CHICAGO (AP) - The team behind George Lucas' art and movie museum released revised renderings showing more green space at the Chicago site but no radical changes to the undulating, futuristic building stoking passions in a city that guards its Lake Michigan shoreline with religious-like devotion.
CHICAGO (AP) — The team behind George Lucas' art and movie museum released revised renderings showing more green space at the Chicago site but no radical changes to the undulating, futuristic building stoking passions in a city that guards its Lake Michigan shoreline with religious-like devotion.
Images that will be presented to City Council next week show designers have significantly shrunk the lakefront building while preserving a smooth, tapering, dune-like form topped with an observation deck resembling a floating disc — a shape that critics have compared to Jabba the Hutt. Defenders of what will be known as the Lucas Museum of Narrative Art, including Mayor Rahm Emanuel, have said the design is loyal to Chicago's history of making bold architectural statements and its devotion to keeping the lakefront open, accessible and green.
"Currently, it's a vast asphalt parking lot that is not welcoming; it's not very green," museum President Don Bacigalupi said of the site to the south of Soldier Field, home of the Chicago Bears. "And so replacing that with both a museum that's an amenity, that's an attraction and an educational inspiration, plus this very new green space park ... that's really our goal."
The 17-acre site will erase the parking lot and add 4.5 acres of new parkland.
A group committed to preserving open space, especially along the Lake Michigan shoreline, has fought the museum's location out of concern it opens the way for more construction on the valuable ribbon of public, open land. In a lawsuit currently in federal court, it says the city has no authority to hand over the land, citing a legal principle known as the public trust doctrine, which requires the state to ensure open spaces are preserved and accessible to the public.
The design revisions unveiled Thursday were not an attempt to appease critics. Rather, as more planning went into the interior space, the exterior changed, Bacigalupi said. The original building was scaled back from 400,000 to 300,000 square feet, allowing for more park space.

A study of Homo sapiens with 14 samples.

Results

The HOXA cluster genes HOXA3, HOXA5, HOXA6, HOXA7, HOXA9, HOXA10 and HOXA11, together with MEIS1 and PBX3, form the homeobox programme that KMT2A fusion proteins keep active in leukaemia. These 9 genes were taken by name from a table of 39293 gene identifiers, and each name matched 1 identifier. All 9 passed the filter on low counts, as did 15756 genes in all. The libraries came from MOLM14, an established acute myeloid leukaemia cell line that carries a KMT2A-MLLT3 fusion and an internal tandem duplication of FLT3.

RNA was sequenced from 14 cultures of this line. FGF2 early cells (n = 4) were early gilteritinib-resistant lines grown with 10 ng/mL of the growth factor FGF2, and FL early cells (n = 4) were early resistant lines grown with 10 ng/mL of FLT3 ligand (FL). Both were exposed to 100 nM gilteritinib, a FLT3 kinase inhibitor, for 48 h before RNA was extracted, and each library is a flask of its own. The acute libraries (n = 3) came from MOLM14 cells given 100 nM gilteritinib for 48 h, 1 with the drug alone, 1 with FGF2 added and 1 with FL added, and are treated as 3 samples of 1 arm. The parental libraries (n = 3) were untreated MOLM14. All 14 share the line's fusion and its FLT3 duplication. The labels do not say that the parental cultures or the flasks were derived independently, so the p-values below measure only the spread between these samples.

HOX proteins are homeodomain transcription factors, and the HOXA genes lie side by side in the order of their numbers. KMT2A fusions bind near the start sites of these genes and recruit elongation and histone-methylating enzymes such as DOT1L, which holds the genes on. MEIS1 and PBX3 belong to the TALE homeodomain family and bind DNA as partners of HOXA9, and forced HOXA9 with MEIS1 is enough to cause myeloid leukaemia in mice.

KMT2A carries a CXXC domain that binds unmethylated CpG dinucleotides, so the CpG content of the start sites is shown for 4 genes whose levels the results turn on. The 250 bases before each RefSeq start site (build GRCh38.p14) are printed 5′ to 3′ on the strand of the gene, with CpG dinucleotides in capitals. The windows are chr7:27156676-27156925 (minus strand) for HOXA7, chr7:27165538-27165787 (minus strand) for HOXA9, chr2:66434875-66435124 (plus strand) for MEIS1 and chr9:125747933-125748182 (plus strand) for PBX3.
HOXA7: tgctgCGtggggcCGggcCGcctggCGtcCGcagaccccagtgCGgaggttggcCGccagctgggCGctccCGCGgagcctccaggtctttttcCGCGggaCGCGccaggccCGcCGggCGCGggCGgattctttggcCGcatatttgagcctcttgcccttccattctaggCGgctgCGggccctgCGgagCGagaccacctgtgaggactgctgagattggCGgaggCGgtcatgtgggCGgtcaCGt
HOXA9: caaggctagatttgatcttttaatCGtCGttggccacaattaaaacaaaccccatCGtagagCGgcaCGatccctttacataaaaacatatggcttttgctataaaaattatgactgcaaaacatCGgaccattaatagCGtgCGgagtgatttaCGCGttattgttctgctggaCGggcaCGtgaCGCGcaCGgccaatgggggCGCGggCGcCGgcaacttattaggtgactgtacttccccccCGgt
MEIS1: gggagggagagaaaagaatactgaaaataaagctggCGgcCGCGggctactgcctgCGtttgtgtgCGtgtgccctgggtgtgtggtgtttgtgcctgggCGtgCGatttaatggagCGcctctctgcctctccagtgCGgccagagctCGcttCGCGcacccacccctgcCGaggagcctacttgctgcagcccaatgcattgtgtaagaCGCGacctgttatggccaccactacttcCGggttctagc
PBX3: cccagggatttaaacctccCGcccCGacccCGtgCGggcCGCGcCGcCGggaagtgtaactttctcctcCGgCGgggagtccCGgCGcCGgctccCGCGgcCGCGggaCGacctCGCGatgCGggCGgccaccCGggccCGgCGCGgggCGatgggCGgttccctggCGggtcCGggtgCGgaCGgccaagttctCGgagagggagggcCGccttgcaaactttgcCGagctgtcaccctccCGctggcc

That space will include an "event prairie" and expanses of trees and native plantings to attract birds and other wildlife, as well as layers of pools designed to filter storm runoff.
Its designers, architects Jeanne Gang and Kate Orff, said they wanted the space to function as educational "green infrastructure" while also providing an inspiring gateway to the museum rising in the distance.
The design is essentially final, although there could be minor adjustments. Construction is expected to begin in March and last until 2018.
It features an open-air observation deck on the rooftop accessible for free by a ramp winding up the building's interior cone shape.
An outdoor plaza in front gently rolls upward into the sloping face of the building.
"It reminds you of the sand dune landscape that had been there on the lakefront a long time ago," said architect Ma Yansong. "So it's very organic architecture."
The museum will showcase popular art Lucas has collected since college, including illustrations by Norman Rockwell, Maxfield Parrish and N.C. Wyeth as well as works by Lucas's visual effects company, Industrial Light and Magic.
It also will feature digital media arts and film industry art, including props, costumes, set pieces and story boards. Three auditoriums will host films, lectures and workshops. And there's an educational library.
The vision is to highlight art that tells a story. The collection will have "Star Wars" and "Indiana Jones" fans mingling with art connoisseurs, Bacigalupi said.